Images by John Grafman
Liberty is not the sole domain of America. The French have a rich history, enjoying similar freedoms in both politics and in expressive art. And, that includes automotive styling.
The Mullin Automotive Museum is celebrating the beauty and technological excellence of French automaker Citroën. “Citroën: The Man, The Marque, The Mystique,” is featuring cars from nearly the entire history of the company as well as an in-depth look at Andre Citroën. The exhibit will runs through the spring of 2018.
Citroën has built a reputation over the last 98 years as being a company willing to take risks and do things differently. It has managed to continually push the boundaries of technology and styling without losing its unique Gallic charm, something which is so evident in vehicles like the DS and the 2CV. Founded in 1919 by Andre Citroën, the company was responsible for building Europe’s first affordable mass-produced car, the Citroën Type A. The company also popularized the front wheel drive layout in addition to unibody construction and four-wheel independent suspension with its revolutionary Traction Avant executive car.
“Citroën is a marque that has always appealed to me on some level,” said Peter Mullin, founder and CEO of the Mullin Automotive Museum. “The way in which the company set about designing its often odd but always stunning vehicles, packing them with wildly innovative technologies, is fascinating to me. I’m so pleased that we will soon be able to share these incredible vehicles with the public who may not have ever seen them in person and I hope we’re able to create a new legion of Citroën devotees.”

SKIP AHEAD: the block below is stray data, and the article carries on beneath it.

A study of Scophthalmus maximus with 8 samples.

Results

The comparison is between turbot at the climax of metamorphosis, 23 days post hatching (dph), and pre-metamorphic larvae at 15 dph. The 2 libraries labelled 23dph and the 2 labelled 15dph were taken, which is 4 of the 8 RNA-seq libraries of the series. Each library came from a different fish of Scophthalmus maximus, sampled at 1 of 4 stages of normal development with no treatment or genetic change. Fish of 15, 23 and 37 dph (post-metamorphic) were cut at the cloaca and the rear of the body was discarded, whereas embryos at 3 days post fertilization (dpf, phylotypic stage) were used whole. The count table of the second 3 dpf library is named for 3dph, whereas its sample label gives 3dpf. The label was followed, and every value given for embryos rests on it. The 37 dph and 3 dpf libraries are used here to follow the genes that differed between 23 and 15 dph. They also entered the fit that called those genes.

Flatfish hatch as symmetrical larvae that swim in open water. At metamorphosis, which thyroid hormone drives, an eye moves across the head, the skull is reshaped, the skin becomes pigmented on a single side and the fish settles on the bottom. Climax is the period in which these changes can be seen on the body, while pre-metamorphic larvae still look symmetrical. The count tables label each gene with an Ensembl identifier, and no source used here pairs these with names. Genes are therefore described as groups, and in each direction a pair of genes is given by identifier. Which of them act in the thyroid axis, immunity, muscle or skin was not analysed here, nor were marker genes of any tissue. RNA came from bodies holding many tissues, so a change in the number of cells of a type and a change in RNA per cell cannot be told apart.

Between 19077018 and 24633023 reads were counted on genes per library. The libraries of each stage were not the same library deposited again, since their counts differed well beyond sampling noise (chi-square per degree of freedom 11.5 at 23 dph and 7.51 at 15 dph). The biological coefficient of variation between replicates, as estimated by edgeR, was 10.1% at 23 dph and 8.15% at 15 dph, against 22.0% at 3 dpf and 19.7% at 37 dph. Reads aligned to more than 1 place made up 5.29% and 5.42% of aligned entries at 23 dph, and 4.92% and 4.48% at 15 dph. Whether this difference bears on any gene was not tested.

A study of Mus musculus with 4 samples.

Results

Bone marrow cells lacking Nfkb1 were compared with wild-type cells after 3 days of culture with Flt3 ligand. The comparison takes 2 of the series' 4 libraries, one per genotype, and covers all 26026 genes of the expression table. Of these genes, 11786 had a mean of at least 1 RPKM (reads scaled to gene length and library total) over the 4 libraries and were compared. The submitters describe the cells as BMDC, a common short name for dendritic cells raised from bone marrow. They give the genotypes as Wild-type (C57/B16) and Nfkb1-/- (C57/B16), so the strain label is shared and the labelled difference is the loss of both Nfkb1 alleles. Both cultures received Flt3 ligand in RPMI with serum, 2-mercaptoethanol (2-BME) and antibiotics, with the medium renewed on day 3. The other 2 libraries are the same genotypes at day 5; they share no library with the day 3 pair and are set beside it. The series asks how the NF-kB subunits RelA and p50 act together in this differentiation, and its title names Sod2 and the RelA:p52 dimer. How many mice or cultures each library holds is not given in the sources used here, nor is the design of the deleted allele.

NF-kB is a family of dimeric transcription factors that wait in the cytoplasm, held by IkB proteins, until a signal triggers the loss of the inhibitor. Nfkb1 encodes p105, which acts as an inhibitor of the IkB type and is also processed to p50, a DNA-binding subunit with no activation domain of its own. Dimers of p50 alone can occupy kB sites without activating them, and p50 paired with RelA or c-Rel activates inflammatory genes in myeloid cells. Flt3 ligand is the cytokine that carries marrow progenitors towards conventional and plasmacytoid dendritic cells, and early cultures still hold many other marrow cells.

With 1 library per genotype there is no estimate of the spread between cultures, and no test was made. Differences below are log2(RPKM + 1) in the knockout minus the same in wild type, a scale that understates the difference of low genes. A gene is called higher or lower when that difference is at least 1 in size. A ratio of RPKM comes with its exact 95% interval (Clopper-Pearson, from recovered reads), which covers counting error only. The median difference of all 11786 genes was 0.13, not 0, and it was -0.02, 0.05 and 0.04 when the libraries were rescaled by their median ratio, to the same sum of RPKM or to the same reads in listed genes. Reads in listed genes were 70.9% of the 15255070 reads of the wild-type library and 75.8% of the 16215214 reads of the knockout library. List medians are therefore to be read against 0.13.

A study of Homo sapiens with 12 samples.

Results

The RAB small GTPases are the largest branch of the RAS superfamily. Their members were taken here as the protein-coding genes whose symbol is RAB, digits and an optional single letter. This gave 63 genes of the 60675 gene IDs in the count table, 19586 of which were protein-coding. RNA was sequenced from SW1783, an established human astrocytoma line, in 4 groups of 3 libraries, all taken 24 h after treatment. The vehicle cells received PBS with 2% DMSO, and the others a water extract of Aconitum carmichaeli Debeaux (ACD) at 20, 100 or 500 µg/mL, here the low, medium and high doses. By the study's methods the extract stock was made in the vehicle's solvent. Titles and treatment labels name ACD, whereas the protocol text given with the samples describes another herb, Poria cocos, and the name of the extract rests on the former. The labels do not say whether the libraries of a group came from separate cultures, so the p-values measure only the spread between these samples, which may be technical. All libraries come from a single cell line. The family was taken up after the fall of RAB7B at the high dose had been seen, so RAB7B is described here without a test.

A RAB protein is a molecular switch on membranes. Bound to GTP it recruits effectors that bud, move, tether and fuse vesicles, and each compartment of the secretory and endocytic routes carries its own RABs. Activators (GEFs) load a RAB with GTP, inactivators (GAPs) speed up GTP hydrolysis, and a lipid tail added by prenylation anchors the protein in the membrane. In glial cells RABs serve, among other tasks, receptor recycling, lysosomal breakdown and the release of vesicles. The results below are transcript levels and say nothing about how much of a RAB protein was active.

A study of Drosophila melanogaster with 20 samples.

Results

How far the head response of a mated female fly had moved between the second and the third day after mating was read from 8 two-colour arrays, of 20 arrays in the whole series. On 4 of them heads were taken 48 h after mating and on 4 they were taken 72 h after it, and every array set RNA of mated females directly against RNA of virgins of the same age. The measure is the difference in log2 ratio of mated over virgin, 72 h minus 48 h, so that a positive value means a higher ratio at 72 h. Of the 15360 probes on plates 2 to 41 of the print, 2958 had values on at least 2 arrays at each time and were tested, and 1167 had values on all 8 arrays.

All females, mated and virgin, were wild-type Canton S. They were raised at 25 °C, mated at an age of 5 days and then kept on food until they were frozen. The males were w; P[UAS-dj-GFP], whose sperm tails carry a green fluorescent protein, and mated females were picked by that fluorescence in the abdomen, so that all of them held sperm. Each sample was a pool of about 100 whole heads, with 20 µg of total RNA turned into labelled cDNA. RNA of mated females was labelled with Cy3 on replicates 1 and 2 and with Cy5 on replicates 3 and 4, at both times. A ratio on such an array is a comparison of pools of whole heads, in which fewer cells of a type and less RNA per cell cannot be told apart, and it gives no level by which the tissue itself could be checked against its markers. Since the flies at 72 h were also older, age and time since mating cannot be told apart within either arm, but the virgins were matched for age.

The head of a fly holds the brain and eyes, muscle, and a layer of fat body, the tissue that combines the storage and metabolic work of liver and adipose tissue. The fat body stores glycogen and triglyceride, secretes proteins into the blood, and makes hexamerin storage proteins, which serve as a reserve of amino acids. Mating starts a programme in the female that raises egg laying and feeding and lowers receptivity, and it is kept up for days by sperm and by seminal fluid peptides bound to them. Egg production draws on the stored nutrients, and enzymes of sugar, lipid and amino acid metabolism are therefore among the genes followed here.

“Citroën: The Man, The Marque, The Mystique” represents the most comprehensive look at the history of the famed French automaker ever attempted in North America and honors one of the world’s greatest and quirkiest manufacturers. The exhibition is featuring 46 of the world’s most historic and unique Citroëns including a number of vehicles bodied by French coachbuilder Chapron, a rare twin-engined 2CV Sahara, a Traction Avant Cabriolet and an iconic HY Van. Visitors can also expect to see modern Citroëns such as the 2007 C6 and the 2009 C3 Pluriel as well as several late production model 2CVs dating from the 1980s and early 1990s, none of which were ever sold in the U.S.
While Citroën might be the headlining attraction, the Mullin houses numerous other iconic brands, from Bugatti to Delahaye, and Talbot-Lago to Voisin. And, one would be remiss to not delve into the delightful period artworks that dot the museum, ranging from furniture to sculpture.
The museum offers semi-private tours available on Tuesdays and Thursdays and public days on the 2nd and 4th Saturdays of the month. Tickets are encouraged to be purchased in advance through the Mullin Museum’s website. For more information on Citroën: The Man, The Marque, The Mystique please visit www.MullinAutomotiveMuseum.com or call 805.385.5400.